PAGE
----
Call for £500 Government autobrake grant

Volvo autobrake
3 Apr, 2014 10:05am Chris Ebbs

Insurance industry body calls for cash incentive for new buyers to spec autobrake tech

A Government cash incentive for motorists who buy cars with autonomous emergency braking (AEB) technology could save 60 lives and cut serious injuries by up to 760 in just three years.

That’s according to the insurance industry’s automotive research centre, Thatcham. It claims that this figure would increase to 1,220 lives saved and 136,000 casualties avoided over 10 years.

The research body is calling for the Government to introduce a £500 grant for anyone buying a car with the kit. At present, 23 per cent of new cars either have it fitted as an option or standard. But less than 10 per cent of buyers opt for it.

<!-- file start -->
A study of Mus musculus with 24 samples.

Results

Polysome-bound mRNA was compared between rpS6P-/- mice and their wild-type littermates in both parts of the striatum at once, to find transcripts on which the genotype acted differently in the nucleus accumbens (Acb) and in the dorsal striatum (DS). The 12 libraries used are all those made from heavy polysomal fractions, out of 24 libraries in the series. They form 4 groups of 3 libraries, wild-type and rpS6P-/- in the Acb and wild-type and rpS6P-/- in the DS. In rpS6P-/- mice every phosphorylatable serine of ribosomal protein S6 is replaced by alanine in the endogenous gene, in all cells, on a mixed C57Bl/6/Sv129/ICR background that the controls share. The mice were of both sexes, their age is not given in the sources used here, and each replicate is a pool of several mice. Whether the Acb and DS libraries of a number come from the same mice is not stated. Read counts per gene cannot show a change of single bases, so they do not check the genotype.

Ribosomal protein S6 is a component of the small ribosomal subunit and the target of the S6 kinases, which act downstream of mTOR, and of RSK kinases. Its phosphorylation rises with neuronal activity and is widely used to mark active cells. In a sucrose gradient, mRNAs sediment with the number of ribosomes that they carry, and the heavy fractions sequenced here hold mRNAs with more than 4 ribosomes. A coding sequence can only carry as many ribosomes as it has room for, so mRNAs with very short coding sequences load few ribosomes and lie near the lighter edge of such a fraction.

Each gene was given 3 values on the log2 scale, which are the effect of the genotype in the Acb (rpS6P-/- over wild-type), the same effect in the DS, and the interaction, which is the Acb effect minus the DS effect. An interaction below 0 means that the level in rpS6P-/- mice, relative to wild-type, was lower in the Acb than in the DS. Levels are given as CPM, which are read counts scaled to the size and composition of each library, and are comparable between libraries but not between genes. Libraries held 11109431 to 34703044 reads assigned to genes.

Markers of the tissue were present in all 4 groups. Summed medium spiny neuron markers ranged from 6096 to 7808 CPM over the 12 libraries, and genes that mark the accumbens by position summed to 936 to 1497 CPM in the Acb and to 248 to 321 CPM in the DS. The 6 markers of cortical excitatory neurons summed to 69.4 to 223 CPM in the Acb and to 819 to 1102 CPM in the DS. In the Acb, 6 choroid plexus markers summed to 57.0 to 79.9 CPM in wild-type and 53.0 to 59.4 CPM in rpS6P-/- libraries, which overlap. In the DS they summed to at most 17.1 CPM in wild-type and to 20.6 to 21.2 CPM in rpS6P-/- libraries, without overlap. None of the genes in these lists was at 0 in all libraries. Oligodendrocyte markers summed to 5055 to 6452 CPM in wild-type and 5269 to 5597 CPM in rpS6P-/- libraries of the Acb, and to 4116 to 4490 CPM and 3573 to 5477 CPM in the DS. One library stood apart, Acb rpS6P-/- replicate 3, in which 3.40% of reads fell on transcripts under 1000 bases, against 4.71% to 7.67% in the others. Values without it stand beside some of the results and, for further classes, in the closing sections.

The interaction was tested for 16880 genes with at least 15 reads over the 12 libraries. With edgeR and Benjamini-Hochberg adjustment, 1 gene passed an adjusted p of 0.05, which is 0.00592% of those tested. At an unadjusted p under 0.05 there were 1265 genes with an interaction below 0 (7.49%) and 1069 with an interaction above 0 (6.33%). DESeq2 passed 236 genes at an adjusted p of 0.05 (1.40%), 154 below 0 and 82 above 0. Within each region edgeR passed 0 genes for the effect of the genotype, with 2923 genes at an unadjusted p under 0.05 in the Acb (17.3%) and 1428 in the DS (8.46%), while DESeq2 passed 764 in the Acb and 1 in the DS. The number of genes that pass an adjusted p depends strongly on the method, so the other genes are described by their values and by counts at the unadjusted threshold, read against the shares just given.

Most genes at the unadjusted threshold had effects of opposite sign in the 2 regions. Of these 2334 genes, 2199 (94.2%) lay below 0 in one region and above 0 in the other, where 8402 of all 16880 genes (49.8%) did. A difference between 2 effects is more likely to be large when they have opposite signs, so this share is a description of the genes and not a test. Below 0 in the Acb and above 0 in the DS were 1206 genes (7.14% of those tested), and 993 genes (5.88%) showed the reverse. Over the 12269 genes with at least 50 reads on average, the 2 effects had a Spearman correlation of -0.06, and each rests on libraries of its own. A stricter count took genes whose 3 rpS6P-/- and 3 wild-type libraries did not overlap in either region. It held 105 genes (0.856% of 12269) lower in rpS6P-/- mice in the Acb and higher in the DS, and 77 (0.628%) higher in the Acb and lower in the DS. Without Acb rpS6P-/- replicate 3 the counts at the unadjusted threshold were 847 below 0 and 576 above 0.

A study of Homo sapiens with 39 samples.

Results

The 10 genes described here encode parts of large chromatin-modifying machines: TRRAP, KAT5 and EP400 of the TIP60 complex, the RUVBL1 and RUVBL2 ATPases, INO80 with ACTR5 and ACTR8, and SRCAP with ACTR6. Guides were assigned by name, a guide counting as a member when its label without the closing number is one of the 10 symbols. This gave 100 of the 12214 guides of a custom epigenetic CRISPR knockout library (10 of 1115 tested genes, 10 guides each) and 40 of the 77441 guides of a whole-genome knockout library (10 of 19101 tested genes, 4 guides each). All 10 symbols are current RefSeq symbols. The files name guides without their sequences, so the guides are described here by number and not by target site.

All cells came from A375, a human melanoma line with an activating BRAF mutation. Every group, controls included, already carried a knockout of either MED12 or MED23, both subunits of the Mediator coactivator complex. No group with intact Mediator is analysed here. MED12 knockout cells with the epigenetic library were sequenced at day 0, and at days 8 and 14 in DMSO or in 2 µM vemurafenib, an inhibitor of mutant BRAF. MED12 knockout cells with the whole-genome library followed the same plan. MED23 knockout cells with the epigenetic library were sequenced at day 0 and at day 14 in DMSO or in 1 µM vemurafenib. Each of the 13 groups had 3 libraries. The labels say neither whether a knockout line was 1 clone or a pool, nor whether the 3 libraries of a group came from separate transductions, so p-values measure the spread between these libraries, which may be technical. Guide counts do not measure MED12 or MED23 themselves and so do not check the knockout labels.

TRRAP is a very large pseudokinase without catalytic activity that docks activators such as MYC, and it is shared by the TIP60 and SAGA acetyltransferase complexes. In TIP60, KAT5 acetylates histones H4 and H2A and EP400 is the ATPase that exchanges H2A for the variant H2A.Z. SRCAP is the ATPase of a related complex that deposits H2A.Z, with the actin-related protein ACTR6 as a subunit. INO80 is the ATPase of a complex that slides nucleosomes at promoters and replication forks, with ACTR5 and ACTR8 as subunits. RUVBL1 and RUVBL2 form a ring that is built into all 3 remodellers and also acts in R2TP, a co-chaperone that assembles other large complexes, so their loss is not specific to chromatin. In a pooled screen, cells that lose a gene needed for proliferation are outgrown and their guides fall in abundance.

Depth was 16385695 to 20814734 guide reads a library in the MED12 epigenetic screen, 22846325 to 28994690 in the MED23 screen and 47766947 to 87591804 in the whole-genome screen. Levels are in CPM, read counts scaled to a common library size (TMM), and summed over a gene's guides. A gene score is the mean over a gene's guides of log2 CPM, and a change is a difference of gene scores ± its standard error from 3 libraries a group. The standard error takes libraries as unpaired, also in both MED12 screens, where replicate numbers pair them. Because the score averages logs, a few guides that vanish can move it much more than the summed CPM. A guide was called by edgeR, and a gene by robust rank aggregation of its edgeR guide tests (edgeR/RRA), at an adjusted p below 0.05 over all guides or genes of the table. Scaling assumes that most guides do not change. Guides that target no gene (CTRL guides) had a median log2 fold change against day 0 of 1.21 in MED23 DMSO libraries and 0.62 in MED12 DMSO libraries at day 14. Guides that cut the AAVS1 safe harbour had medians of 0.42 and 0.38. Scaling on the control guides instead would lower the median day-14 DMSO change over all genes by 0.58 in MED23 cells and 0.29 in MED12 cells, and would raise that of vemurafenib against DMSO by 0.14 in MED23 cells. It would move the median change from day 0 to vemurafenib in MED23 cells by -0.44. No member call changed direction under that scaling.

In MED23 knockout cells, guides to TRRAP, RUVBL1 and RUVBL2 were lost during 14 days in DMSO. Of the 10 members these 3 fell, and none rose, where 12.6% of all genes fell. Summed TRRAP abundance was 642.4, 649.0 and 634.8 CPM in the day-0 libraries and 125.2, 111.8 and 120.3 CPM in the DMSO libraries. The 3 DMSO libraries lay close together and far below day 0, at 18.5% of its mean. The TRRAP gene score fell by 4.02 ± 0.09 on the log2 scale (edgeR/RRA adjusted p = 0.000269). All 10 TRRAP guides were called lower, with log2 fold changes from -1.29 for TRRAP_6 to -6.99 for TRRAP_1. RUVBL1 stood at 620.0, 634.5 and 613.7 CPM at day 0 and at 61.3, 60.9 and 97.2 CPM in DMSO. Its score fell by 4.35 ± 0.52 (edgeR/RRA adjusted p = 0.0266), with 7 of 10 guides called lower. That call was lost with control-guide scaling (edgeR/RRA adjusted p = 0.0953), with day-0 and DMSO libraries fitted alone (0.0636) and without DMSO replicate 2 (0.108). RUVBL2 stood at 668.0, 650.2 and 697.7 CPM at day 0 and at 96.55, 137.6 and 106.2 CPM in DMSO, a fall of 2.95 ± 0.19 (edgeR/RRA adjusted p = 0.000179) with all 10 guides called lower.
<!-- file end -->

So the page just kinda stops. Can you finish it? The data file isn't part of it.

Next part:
“A responsible driver who pays extra to reduce the potential impact of their car should benefit from a helping hand from the Government,” explained Thatcham chief executive Peter Shaw.

“The time is right to demonstrate to consumers that vehicles with AEB should be their natural choice, and we calculate that with a
£500 cash incentive – about half the additional cost of the AEB system – the Government would be meeting the motorist halfway.”

Road safety summit talks new safety tech

The rapid growth of technology will be a help and hindrance to road safety over the next five to 10 years, say safety bosses and researchers.

Talking at the UK Road Safety Summit, roads minister Robert Goodwill and shadow roads minister Richard Burden both marked out autonomous emergency braking (AEB) as a key factor in future road safety. However, Richard Cuerden of the Transport Research Laboratory warned that MoT testing will need to keep up with the rise of this kind of tech as garages ensure systems such as AEB are working correctly.


However, she also said legislation needs to be brought up to date for current technology, such as Internet in cars and the impending arrival of Google Glass.